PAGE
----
Samajwadi Party president Akhilesh Yadav. (PTI Photo)
The biggest onus and greatest opportunity to defeat the seemingly invincible Prime Minister Narendra Modi-led BJP government lies with the regional parties, reflected Akhilesh Yadav, chief of Samajwadi Party, and he is very right in his assessment.
Mr Akhilesh Yadav himself has three major advantages in providing direction to the cause of Opposition unity — firstly, he is from Uttar Pradesh, the biggest state in India and most defining battleground for the Lok Sabha, and it will be the performance of his party, the SP, that will be very crucial; secondly, the secular credentials of his party and his family are unimpeachable, and finally, most significantly, as the youngest of leaders in the spectrum, he is not a candidate for Prime Minister, a point which greatly empowers him to take the talks to other big leaders.
Since he is not a PM candidate, Mr Akhilesh Yadav, along with Tejashwi Yadav, the deputy CM of Bihar and RJD steward, another young secular and Hindi belt leader, can be a core nucleus of the anti-Modi front. With these two young leaders being focused on their respective states, their lack of ambition for the top slot will give them a good chip with those who do nurse the high office dream — from Mamata Banerjee to Arvind Kejriwal to K. Chandrashekar Rao.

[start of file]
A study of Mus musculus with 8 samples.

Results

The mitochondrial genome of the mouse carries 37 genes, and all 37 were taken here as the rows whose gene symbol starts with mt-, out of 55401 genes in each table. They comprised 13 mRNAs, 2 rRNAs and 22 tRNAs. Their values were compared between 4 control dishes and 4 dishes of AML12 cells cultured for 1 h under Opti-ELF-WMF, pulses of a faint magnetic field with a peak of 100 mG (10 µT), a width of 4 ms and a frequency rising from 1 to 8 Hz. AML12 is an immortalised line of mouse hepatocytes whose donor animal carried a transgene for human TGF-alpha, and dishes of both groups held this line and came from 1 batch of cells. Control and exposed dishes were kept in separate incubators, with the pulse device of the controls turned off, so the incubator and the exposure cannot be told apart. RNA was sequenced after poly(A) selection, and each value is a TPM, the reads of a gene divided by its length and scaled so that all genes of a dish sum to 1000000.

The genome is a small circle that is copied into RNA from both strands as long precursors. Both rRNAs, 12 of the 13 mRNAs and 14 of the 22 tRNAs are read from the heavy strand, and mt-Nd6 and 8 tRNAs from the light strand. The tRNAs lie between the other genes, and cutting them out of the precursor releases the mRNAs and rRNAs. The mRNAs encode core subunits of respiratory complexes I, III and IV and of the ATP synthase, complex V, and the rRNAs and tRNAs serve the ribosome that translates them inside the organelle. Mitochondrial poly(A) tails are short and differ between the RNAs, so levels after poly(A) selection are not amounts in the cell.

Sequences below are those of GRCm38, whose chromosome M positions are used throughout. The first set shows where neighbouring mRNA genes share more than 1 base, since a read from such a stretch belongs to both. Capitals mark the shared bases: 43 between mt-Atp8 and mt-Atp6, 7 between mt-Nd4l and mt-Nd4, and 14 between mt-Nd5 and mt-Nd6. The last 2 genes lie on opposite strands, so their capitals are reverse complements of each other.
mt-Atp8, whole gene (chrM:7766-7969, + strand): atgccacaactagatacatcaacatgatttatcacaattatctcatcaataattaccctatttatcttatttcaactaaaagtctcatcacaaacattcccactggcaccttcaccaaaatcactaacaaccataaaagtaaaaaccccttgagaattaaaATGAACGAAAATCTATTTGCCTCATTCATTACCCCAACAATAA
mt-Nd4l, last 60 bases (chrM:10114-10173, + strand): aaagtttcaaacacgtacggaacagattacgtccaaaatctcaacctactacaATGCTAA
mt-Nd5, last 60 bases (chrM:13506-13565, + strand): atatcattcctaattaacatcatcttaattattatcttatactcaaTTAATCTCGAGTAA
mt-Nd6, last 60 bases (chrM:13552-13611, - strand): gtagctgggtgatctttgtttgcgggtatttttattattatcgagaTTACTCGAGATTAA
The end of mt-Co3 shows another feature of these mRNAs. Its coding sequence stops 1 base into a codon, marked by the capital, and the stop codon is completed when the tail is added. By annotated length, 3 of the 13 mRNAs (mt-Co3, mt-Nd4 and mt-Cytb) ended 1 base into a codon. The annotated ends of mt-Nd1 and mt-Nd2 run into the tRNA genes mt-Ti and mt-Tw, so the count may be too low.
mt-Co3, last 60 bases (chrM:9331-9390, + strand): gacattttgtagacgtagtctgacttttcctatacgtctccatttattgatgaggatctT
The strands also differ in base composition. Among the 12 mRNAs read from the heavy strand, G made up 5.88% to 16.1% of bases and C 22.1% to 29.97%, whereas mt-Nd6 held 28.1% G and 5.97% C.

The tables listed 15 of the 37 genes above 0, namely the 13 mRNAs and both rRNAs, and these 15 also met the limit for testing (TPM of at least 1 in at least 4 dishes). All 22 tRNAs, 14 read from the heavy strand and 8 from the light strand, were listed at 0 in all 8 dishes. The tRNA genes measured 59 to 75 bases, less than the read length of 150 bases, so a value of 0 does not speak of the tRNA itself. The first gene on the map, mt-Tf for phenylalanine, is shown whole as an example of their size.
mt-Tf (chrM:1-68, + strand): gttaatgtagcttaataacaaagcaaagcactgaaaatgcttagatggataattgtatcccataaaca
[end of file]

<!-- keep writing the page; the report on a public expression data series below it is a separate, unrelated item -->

Akhilesh Yadav is right in his assessment that the big fight to the BJP led by the Modi-[Amit] Shah duo must come not from the Congress, whose track record is weak, but from the regional parties, because the BJP has its weakest and poorest record against regional parties, and its worst against non-Hindi speaking regional parties.
The BJP has never performed well in states like Andhra Pradesh, Telangana, or Tamil Nadu, which have regional parties based on linguistic and regional pride; and the only win of the saffron party in the south till date is recorded in Karnataka, where it takes on the Congress.
Thus, it stands to reason that the young Yadav duo can take initiative and bring in various leaders and heads of parties from Bengal to Telangana, Punjab to Bihar, Delhi to Maharashtra to Tamil Nadu, Jharkhand to Kashmir, and even try to co-opt the recalcitrant regional leaders of Andhra and Odisha.
If all these regional parties, either on their own or together, hold on to their respective forts, and hold out a friendly hand to the Congress Party, again in a grand big fashion, or in small localised manner, the anti-Modi front will be truly present to fight a fierce contest.
Akhilesh Yadav did refer to the role of the Congress in such a manner, saying it would be for the Grand Old Party to decide its own role. Interestingly, while he acknowledged that different parties and leaders are making their own initiatives and moves to form a front, the SP chief was smart to concede that independent and parallel initiatives without coherence or unity at present could still be foundational for a grand coming together of forces at the right time.
Whatever one stands for, no Indian would disagree that democracy needs an Opposition, and never has a party or government looked so strong, and the Opposition so weak, as now that all of us would support Mr Yadav for its credo that a stronger Opposition is a must for a stronger democracy, and a stronger India.